Sometimes a TV show's off-screen drama can rival that of its fictional characters, and that's saying something when those characters are constantly singing and dancing through life. But singer-songwriter Jonathan Coulton's real-life feud with "Glee" is quickly overtaking the drama depicted on the hit Fox series.
As we all know, the award-winning TV show is known for its soundtrack full of quirky interpretations of popular chart-toppers. But this time, one of such tunes is the cause of a lot of anger and frustration: “Baby Got Back,” originally performed by Sir Mix-a-Lot, which was featured in the Jan. 24 episode of “Glee,” entitled “Sadie Hawkins.”
But to properly understand the following hubub, let's go through the history of Coulton and "Glee"-gate:
Jonathan Coulton is a Brooklyn, N.Y.-based folk musician known for celebrating nerd culture and the Internet. According to his website, Coulton released a light acoustic version of “Baby Got Back” on Oct. 14, 2005, which he then included in his live shows. The song was his big break on the Internet, getting picked up by several blogs and going viral.
The song then lived in relative obscurity until this earlier this month, when Coulton was alerted that “Glee” had posted a cast recording of “Baby Got Back” using his arrangement.
Comparing the two tracks, the similarities are quite clear, including the same banjo track and the improvised lines “take your pretty picture” and “Jonny C’s in trouble” that Coulton originally wrote.
“I assume ['Glee'] heard [my cover] and wanted to put it in their show. Which is flattering, but also an email would have been nice — just a hi, howya doin’ kind of thing,” Coulton told Wired.com at the time, adding that fans using his song is another story. “If it is a large corporation using other people’s ideas to make money, whether it’s legal or not, it’s kind of gross.”
“Sadie Hawkins” aired on Jan. 24, including the “Baby Got Back” cover with the “Jonny C’s in trouble” line removed. Coulton wrote on his blog that he had also heard from “Glee” lawyers, who said that their use of his arrangement was legal and the he “should be happy for the exposure (even though they do not credit [him], and have not even publicly acknowledged that it’s [his] version – so you know, it’s kind of SECRET exposure).” According to Coulton, he was not offered an apology or any any kind of compensation.
Coulton talked to Wired again after the episode aired, and revealed there wasn’t likely anything he could do without proving that “Glee” had literally used the same audio as his own version. But the uproar that surrounded "Glee"-gate caused more artists to declare that “Glee” had done covers of their covers without permission or even notification.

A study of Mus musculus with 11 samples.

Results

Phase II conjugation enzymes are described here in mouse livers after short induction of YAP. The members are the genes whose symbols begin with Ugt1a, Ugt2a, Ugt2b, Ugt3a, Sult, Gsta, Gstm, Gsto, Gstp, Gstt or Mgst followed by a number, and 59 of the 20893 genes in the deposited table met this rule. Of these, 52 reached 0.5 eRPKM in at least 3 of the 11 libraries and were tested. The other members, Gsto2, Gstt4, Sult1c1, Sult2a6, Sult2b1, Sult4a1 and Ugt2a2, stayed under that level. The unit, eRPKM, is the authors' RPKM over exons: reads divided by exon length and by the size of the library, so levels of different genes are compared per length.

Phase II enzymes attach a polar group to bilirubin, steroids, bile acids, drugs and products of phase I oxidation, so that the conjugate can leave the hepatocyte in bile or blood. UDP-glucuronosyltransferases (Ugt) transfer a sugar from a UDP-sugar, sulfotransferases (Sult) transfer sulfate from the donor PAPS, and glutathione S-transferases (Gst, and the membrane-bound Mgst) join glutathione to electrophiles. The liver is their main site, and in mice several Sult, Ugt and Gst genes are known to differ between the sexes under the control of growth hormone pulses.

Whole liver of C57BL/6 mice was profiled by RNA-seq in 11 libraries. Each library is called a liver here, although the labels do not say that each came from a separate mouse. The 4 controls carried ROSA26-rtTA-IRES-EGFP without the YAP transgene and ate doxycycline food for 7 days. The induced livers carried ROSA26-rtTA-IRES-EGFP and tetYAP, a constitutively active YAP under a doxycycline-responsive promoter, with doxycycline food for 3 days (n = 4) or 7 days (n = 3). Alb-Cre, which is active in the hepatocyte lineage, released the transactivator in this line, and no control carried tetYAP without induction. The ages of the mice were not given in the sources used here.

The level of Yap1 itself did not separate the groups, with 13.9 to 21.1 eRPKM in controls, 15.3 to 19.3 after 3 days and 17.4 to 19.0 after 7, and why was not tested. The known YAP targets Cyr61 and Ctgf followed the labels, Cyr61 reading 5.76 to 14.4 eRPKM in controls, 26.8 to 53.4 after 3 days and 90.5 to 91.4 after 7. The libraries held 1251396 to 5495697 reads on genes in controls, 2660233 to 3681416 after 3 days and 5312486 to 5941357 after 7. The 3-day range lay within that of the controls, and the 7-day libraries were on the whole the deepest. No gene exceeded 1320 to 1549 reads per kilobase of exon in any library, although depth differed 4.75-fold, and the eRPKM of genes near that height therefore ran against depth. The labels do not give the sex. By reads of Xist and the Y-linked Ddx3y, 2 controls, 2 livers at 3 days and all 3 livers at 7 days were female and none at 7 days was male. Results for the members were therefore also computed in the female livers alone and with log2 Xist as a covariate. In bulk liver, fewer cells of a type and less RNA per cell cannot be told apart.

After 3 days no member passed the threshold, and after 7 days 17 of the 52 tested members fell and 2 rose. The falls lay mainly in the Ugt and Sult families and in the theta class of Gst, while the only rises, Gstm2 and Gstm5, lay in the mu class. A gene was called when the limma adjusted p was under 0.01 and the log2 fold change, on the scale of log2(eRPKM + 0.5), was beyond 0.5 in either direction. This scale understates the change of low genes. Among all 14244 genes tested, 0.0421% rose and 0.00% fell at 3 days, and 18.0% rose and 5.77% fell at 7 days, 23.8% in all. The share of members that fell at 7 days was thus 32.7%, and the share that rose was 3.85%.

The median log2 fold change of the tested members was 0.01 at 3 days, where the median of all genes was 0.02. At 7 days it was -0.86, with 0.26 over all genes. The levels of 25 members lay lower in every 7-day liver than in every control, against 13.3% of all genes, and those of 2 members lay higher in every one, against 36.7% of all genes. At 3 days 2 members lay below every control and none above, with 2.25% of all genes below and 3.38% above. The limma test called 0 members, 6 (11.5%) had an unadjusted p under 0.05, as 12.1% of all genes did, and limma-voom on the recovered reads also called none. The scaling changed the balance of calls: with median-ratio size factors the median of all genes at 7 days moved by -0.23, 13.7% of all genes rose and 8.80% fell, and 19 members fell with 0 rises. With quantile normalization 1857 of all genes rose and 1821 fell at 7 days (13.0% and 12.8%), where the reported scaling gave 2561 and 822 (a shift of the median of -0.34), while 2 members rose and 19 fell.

“DJ Earworm, a.k.a. the San Francisco-based mashup artist Jordan Roseman, pointed out that a 2012 Glee cover of R. Kelly’s 'I Believe I Can Fly' similarly appeared to be lifted from his arrangement of the song, as did singer/songwriter Greg Laswell, who told The Hollywood Reporter in 2011 that his version of Cyndi Lauper’s 'Girls Just Want to Have Fun' also appeared to have been used without permission on the Fox show,” Wired reported.
This week, Coulton fired back at Fox and “Glee” by re-releasing his cover under the title “Baby Got Back (In the Style of Glee)” – which he says is exactly the same as the 2005 song. The track is available for purchase on iTunes, Amazon, and Google Play, with all of the proceeds going to The VH1 Save the Music Foundation, and The It Gets Better Project.
“Call it a form of protest, awareness raising, viral PR hackitude, whatever you like. I don’t know how big this will get, but there’s a potential to make a lot of noise this way – imagine if this thing charts!” Coulton writes. “Maybe this is something that the Glee people would like to give some EXPOSURE. Though, in order to do that they’d have to make some kind of public acknowledgement that I exist.”
The last time we checked, Coulton’s single was topping “Glee” on the iTunes charts.
See also: Jessica Sanchez dishes on 'Glee' (VIDEO)
Coulton is still looking into possible ramifications of “Glee” not only used his arrangement, but his backing audio track as well. He says to expect more updates soon.
At this point, most of the Coulton vs. “Glee” controversy has not been confirmed nor denied by Fox representatives, but it sure has been one entertaining David vs. Goliath story. In fact, it would make a good TV episode in itself!